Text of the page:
Pentagon Belatedly Reveals Two Dozen US Personnel Were Wounded In Spate Of Drone Attacks In Iraq, Syria

The Pentagon revealed in a late Tuesday statement that in just the past week, US and coalition forces have been attacked at least ten times in Iraq, as well as three times in Syria, “via a mix of one-way attack drones and rockets,” according to Brig. Gen. Pat Ryder, speaking to NBC.

But the real bombshell development, which Biden’s defence officials have apparently sat on for several days, is that some 24 US personnel were wounded in the attacks. According to the NBC statement:

Two dozen American military personnel were wounded last week in a series of drone attacks at American bases in Iraq and Syria, U.S. Central Command told NBC News on Tuesday.

The Pentagon confirmed the attacks last week, but the number of U.S. casualties has not been previously disclosed.

“Twenty American personnel sustained minor injuries on Oct. 18 when at least two one-way attack drones targeted al-Tanf military base in southern Syria, CENTCOM said,” the report continues.

It appears all the injuries were deemed minor, given Gen. Ryder described that all personnel returned to duty after being evaluated and threated, and there was no significant damage to base installations. However, in Iraq, “The U.S. shot down the one-way attack drones, but the debris from one destroyed a hanger that contained small aircraft, CENTCOM said.”

The defence official said that amid the attacks, there was a contractor who suffered cardiac arrest and died while sheltering in place, but the Pentagon isn’t necessarily considering the casualty to be the direct result of the assault.

The Pentagon may have concealed the information until now not only to properly account for all the instances and wounded personnel, but possibly to avoid escalating tensions by releasing the news. The Biden administration has vowed to respond ‘decisively’ if Americans in the region come under attack by Iran.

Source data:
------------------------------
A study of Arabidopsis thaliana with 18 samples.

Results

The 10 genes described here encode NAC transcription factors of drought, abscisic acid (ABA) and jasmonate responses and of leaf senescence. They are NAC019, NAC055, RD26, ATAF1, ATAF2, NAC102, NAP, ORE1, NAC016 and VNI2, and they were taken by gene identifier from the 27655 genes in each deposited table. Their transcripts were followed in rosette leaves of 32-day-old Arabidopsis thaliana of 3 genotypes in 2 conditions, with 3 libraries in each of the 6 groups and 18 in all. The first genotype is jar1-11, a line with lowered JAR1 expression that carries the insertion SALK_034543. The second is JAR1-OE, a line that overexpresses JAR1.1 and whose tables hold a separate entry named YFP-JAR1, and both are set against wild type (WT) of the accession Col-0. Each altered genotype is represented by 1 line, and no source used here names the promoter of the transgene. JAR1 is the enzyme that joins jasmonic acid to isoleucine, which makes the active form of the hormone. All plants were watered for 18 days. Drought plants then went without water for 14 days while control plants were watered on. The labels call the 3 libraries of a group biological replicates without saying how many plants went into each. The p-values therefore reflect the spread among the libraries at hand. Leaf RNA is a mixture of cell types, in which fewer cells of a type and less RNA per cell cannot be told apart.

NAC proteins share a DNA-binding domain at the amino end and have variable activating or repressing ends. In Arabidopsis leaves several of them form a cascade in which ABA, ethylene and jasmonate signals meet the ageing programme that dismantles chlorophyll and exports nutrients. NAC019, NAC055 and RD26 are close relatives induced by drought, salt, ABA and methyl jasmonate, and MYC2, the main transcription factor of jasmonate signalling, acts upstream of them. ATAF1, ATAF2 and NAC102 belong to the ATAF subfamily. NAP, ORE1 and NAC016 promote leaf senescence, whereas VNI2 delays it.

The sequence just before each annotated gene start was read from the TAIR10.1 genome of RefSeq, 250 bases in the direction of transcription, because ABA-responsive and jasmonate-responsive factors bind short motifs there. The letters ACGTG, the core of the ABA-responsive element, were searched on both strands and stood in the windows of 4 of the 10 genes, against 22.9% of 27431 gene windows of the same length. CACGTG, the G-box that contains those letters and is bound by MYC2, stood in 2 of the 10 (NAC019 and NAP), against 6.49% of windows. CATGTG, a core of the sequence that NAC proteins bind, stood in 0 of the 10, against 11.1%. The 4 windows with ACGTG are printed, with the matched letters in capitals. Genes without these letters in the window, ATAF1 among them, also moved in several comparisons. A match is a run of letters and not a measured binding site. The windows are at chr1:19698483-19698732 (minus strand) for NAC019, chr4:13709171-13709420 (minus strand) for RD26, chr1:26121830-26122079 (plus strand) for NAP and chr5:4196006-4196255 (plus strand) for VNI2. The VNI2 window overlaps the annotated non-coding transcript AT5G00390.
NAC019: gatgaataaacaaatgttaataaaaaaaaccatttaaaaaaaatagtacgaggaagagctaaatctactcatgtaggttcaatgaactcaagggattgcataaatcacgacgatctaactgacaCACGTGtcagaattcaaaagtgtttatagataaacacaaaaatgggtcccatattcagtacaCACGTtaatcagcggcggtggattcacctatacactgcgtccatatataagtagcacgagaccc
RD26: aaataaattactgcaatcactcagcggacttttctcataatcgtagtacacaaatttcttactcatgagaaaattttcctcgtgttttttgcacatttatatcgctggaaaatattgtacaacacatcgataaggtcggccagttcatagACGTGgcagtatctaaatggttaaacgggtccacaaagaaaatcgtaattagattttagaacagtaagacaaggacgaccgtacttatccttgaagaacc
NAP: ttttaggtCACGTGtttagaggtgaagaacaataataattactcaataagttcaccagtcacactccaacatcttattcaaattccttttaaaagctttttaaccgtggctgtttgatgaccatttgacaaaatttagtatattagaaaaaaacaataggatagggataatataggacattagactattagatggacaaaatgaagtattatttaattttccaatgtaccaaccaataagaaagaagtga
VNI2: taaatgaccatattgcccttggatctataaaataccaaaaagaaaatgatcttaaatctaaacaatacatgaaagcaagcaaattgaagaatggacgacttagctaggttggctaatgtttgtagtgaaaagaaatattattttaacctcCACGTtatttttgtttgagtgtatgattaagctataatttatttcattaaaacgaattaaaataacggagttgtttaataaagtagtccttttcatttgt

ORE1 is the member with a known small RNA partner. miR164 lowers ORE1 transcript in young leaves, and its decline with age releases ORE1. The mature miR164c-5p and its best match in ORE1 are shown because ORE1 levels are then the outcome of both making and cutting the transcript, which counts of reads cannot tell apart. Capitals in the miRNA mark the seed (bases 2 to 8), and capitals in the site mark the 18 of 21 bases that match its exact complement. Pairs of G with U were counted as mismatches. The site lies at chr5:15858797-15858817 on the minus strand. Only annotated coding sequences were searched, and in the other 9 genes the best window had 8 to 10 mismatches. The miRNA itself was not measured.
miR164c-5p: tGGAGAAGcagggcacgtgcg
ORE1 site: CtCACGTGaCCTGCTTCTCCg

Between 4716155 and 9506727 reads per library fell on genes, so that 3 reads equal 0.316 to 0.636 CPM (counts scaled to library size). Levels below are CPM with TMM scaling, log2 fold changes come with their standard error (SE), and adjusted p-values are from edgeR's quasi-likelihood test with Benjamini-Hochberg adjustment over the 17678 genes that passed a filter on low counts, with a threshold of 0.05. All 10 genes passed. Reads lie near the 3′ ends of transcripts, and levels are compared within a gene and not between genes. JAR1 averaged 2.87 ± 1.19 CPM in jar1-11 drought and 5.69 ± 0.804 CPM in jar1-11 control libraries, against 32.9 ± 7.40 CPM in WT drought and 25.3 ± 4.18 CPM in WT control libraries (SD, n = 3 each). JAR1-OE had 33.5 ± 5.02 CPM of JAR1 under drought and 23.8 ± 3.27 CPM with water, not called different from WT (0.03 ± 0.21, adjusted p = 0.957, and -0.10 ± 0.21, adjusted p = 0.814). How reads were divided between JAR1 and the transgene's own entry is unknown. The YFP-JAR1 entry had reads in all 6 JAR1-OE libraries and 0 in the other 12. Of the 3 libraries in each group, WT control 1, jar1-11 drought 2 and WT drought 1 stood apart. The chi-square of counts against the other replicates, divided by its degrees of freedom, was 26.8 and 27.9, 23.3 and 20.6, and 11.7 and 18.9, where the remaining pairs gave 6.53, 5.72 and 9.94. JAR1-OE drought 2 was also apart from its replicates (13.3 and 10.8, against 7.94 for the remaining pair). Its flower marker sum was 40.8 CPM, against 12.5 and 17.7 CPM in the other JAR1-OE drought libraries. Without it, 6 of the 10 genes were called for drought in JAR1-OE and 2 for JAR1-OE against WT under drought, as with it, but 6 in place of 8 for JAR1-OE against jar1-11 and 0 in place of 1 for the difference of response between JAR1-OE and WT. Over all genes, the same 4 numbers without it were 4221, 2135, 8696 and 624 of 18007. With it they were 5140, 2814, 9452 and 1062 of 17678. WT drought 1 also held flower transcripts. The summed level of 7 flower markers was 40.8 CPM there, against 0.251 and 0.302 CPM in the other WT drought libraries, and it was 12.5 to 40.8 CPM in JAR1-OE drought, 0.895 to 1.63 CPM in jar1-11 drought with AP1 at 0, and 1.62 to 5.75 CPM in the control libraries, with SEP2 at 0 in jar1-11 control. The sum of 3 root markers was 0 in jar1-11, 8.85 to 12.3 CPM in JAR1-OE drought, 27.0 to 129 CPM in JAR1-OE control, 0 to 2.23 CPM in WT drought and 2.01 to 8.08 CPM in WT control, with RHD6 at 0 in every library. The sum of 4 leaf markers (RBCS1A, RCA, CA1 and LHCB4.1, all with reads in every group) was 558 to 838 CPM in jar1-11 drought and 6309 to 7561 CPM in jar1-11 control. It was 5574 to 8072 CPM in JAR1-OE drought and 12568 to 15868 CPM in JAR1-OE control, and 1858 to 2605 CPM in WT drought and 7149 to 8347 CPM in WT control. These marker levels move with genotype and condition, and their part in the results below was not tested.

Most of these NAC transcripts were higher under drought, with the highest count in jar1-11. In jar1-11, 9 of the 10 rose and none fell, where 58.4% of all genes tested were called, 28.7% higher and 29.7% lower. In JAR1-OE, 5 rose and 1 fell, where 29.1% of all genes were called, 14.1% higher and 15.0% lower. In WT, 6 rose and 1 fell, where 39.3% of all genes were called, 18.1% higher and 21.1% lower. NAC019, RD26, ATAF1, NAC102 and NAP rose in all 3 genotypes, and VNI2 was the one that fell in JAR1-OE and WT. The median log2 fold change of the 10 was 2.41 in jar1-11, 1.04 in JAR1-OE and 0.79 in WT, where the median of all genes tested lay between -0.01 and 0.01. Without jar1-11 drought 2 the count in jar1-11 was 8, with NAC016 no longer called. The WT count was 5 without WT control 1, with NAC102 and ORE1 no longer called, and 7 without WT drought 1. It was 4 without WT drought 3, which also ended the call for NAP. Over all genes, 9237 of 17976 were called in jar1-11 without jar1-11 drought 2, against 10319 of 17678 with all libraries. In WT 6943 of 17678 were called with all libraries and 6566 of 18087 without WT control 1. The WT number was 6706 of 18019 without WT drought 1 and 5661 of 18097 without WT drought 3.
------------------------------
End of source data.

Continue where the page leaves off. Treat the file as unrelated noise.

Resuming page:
The militias operating in Iraq and Syria, believed to be behind the uptick in attacks, are widely viewed by Washington as being supported by Tehran.

It’s never a good sign when the United States says it “doesn’t want war” – at a moment a long known geopolitical flashpoint region stands on the brink. Secretary of State Antony Blinken delivered a stern warning to Iran before a UN Security Council meeting on Tuesday, saying the US is prepared to respond “decisively” if Tehran or its proxies launch attacks on Americans in the Middle East.

Not only does the Pentagon still have thousands of troops and assets in Iraq, long under the domination of Shia paramilitary influence, but it has up to a thousand or so troops occupying broad oil and gas regions of eastern Syria. Missile and drone attacks on Pentagon outposts in Syria and Iraq have been rising in the last few days. But the real concern is on Israel’s northern border, where Hezbollah has launched multiple guided missile and anti-tank attacks on Israel border posts, including on Tuesday.

“The United States does not seek conflict with Iran,” Blinken told the UNSC “We do not want this war to widen. But if Iran or its proxies attack US personnel anywhere, make no mistake: We will defend our people; we will defend our security, swiftly and decisively.” Russia’s President Putin, who since 2015 has stationed major assets in neighbouring Syria, just the day prior blamed Washington for stoking “escalation” in the Middle East by moving two US carrier strike groups into the region.

There are building fears that Iran-backed Hezbollah will launch an all-out war on Israel if the IDF moves in full force into Gaza. The only thing that apparently has stalled these plans is the slow release (of up to four hostages) of Israeli and American captives by Hamas. Domestic political pressure is also building against the Netanyahu government, led by families who see hope in Qatari-mediated efforts that loved ones will be released. Hamas has demanded that fuel be transferred into Gaza via the Rafah border, but Israel has countered that all hostages must be freed first.

“We call on all member states to send a firm, united message to any state or non-state actor that is considering opening another front in this conflict against Israel or who may target Israel’s partners, including the United States: don’t. Don’t throw fuel on the fire,” Blinken said. But the historical pattern has been that when the US moves such huge naval power into the Mediterranean and Mideast waters, it plans to do something with it.

Jordan (and others) have at the same time warned the UN assembly that there’s “real danger” of a bigger war that draws in superpowers like Russia, or even potentially China, which also has interests and military assets in the region.

“We’re all doing everything we can to stop it. There’s the threat of this expanding into the West Bank, into Lebanon, and into other fronts. None of us want that; we’re all working against that,” Jordan’s Foreign Minister Ayman Safadi told the UNSC.